Saturday, March 03, 2007

Live from The Lump

To soak your mental adult undergarments in the stream of consciousness which led to this post, please see the previous post.

In my last post I made fun of George Lucas, but I really owe the man a lot for coming up with the character of Indiana Jones. Those of you with a freakishly misused memory for details will remember that in the third movie the map with no names in Henry Jones Sr.’s grail diary leads them to the Turkish city of Alexandretta, now called Iskenderun. How is this relevant to anything? Read on to find the mysteriously unsatisfying answer!

By the end of the Dune series so many thousands of years have passed that some of the names of major planets have changed. Caladan has become Dan. Giedi Prime has become Gammu. And so on. When I first read the books in high school or whenever, I thought that the mutated name of Caladan was confusing, odd and implausible – why would anyone abbreviate “Caladan” as “Dan” and not “Cal” or “Calan” or “Can” or something else? It just sounded wrong.

Now that I’ve been to several different countries and have seen something of the different ways that languages work, I’m not as annoyed by “Dan” for “Caladan”. Maybe in the Dune universe there was a huge tonal emphasis on the last syllable of proper names. Maybe “Cala” was the local term for “The planet called” and the “Dan” part was always the more important element. Maybe the planet was taken over by a race of people whose language didn’t have the sounds for “c” or “l”. There could be several plausible reasons for the change. And even in English, while last-syllable abbreviations aren’t that common they do exist, for example ’nads for gonads and (I think) ’sucker for... well, you know.

One place in the real world where I’ve seen especially unique place-name evolution is Turkey, where old Greek cities were renamed by Turks whose language was completely different (European languages are of the Indo-European family, while Turkish is what I think’s called a Finno-Ugric language. Or maybe it’s just Turkic? Look it up yourself.). On a trip to Istanbul a couple of years back, I was fascinated to see the ancient city and region of Anatolia called “Antalya”, and the ancient city of Smyrna called Izmir. Note that the only similarity between “Smyrna” and “Izmir” is the “’smir” sound, which has moved from the first syllable to the second in the new name. Much odder than “Caladan” becoming “Dan”.

Here are some of my favorite real-world distortions of city-names over time, moving roughly in order of increasing strangeness (some of these spellings were copied from this wikipedia article to save time, so take with a grain of salt):

Akragas -> Agrigento
Mediolanum -> Milano (I read somewhere that it’s possible the old, old name of this city was “medioplanum”, or in the middle of the plain, but it lost the “p”)
Neapolis -> Naples

Aquae Sextiae -> Aix
Lugdunum -> Lyon
Vesontio -> Besançon

Caesaraugusta -> Zaragoza
Carthago Nova -> Cartagena
Wadi al Kabir -> Guadalquivir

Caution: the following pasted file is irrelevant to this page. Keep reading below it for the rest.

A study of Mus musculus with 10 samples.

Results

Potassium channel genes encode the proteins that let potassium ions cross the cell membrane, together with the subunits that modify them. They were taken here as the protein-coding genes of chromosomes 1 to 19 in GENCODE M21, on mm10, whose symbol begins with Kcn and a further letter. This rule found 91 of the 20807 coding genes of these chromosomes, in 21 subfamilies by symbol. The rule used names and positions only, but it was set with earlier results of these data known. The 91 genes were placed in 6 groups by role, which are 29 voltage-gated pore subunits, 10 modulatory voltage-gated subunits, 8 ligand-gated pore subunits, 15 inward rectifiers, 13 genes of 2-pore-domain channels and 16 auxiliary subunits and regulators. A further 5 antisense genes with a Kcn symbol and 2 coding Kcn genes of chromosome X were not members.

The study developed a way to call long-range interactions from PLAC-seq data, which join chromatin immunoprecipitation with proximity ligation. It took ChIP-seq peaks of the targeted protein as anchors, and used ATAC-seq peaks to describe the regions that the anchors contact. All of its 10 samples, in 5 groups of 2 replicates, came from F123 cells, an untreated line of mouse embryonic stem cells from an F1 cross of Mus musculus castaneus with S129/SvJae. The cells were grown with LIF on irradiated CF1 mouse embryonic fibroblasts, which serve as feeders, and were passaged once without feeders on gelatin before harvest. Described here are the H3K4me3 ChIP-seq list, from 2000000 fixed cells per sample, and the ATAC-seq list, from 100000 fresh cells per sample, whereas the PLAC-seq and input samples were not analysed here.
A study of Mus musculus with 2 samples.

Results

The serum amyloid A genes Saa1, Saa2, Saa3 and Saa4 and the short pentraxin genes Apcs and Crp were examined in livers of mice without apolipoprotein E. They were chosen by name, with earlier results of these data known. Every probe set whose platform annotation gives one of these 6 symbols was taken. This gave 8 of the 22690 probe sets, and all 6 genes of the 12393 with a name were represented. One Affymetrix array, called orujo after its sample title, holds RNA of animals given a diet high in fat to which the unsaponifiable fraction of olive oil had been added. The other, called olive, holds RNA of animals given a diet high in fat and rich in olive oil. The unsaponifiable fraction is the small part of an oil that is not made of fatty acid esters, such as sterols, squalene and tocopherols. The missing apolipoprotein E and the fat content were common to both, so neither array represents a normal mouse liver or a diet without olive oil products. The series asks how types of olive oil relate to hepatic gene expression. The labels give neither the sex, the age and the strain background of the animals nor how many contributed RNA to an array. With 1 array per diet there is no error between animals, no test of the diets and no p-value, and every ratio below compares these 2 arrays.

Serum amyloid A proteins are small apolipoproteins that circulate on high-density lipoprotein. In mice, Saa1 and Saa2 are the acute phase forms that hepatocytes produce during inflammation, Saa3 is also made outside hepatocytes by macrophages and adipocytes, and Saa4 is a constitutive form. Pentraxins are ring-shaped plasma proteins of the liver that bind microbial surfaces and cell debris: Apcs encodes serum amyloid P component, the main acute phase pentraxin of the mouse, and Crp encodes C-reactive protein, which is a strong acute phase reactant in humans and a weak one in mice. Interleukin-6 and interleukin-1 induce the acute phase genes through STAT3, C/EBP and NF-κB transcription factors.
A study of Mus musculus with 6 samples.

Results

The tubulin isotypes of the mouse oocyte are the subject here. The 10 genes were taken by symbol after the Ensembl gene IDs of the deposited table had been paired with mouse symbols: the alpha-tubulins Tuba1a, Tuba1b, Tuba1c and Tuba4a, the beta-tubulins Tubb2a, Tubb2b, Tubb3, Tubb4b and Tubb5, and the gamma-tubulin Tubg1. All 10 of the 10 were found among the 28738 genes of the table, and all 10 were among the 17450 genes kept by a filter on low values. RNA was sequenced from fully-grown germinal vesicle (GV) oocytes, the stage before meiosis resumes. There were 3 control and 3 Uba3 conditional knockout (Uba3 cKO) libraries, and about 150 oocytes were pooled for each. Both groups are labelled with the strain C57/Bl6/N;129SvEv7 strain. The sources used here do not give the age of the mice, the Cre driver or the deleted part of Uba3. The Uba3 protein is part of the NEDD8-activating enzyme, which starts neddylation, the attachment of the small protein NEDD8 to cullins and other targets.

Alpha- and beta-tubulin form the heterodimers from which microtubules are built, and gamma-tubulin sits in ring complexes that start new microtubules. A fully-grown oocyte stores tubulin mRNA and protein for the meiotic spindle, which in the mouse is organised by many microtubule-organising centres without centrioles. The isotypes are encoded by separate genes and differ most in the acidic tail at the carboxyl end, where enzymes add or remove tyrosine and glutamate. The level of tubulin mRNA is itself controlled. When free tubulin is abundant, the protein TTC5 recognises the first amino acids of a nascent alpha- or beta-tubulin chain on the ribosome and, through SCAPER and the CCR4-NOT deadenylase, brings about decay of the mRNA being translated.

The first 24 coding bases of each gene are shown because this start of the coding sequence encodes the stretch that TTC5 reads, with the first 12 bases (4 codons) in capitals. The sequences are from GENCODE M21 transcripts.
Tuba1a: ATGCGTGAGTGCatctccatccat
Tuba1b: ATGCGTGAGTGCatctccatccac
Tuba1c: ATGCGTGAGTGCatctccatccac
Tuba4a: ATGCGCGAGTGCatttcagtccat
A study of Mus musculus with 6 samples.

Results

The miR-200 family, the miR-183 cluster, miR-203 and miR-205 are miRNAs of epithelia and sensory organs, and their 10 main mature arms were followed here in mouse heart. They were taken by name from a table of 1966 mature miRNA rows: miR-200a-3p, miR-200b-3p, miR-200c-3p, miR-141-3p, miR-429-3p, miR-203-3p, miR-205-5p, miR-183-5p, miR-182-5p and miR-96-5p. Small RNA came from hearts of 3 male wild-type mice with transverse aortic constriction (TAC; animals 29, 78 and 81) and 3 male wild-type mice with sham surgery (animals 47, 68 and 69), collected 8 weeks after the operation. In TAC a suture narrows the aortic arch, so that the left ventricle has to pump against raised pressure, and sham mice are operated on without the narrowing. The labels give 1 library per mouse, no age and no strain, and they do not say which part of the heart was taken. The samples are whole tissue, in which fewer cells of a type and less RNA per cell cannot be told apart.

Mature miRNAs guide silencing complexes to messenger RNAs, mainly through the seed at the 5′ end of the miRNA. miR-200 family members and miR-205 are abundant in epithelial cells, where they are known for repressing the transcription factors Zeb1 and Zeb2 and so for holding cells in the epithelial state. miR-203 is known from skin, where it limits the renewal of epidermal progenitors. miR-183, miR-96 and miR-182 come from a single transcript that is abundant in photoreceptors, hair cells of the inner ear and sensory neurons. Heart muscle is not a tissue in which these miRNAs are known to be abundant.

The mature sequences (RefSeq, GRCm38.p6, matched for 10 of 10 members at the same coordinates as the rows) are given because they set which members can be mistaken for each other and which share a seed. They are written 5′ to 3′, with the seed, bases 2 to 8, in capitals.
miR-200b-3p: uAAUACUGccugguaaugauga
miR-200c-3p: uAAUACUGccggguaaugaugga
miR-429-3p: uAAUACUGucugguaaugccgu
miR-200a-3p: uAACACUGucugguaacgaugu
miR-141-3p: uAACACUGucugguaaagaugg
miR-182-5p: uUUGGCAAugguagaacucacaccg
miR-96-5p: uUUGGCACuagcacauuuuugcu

Augusta Vindelicorum -> Augsburg
Colonia Agrippina -> Köln
Castra Regina -> Regensburg

Alexandretta -> Iskenderun (Turkish version of “Alexander” is “Iskendar”. What I think happened to the name is the “ks” sound in “aleks” got switched around (a.k.a. metathesis) to “sk”, and maybe the “al” got dropped entirely because it sounded like Arabic for “the”. Just speculation though, I’m not a historical linguist)
Antioch -> Antakya
Anatolia -> Antalya
Trebizond -> Trabzon
Smyrna -> Izmir
Ephesus -> Efes

With all this in mind, I would like to present a linguistic theory or supposition of mine:

I believe that the word “Istanbul” is not, as the main Wikipedia entry and many other people claim, from a Greek phrase meaning “to the city” (eis tin polin), but is rather just a slightly garbled version of “Constantinople”. My reasoning is pretty simple: conSTANtinoPLE has the sound “stan” in it, while “eis tin polin” does not. Q.E.D. However, I’m open to convincing otherwise – if you buy the eis tin polin theory let me know why.

To bring this all back around, I also believe that Constantinople was a major inspiration for Tolkien’s city of Minas Tirith. Just look at the way the rectangular mountains surrounding Mordor resemble the coastline of Anatolia, which leaves Gondor approximately on Greece and Italy, and the Shire is pretty much where England would be. Constantinople was, like Minas Tirith, a large city left over from a once-great empire, surrounded by huge rings of walls and long seen as a bulwark of the West against the East.

I’m not saying that Minas Tirith is a direct fantasy version of Constantinople, just that it was inspired by several aspects of it. Also on the subject, from what I understand Tolkien’s two major versions of Elvish were designed to be a fancy old version of the language, like Latin, and an evolved later version, like Italian, and that he spent a lot of his time thinking about how the language (and names) would have changed over time, so for example from Quenya to Sindarin the name Carnistir became Caranthir. The miracle is that someone so detail-oriented and obsessively nerdy was able to write a story that had any interest to outsiders at all.

P.S. As to the post title: The Lump is what I hope to get people calling Kuala Lumpur in the future. It’s much quicker to say and quite poetic, don’t you think?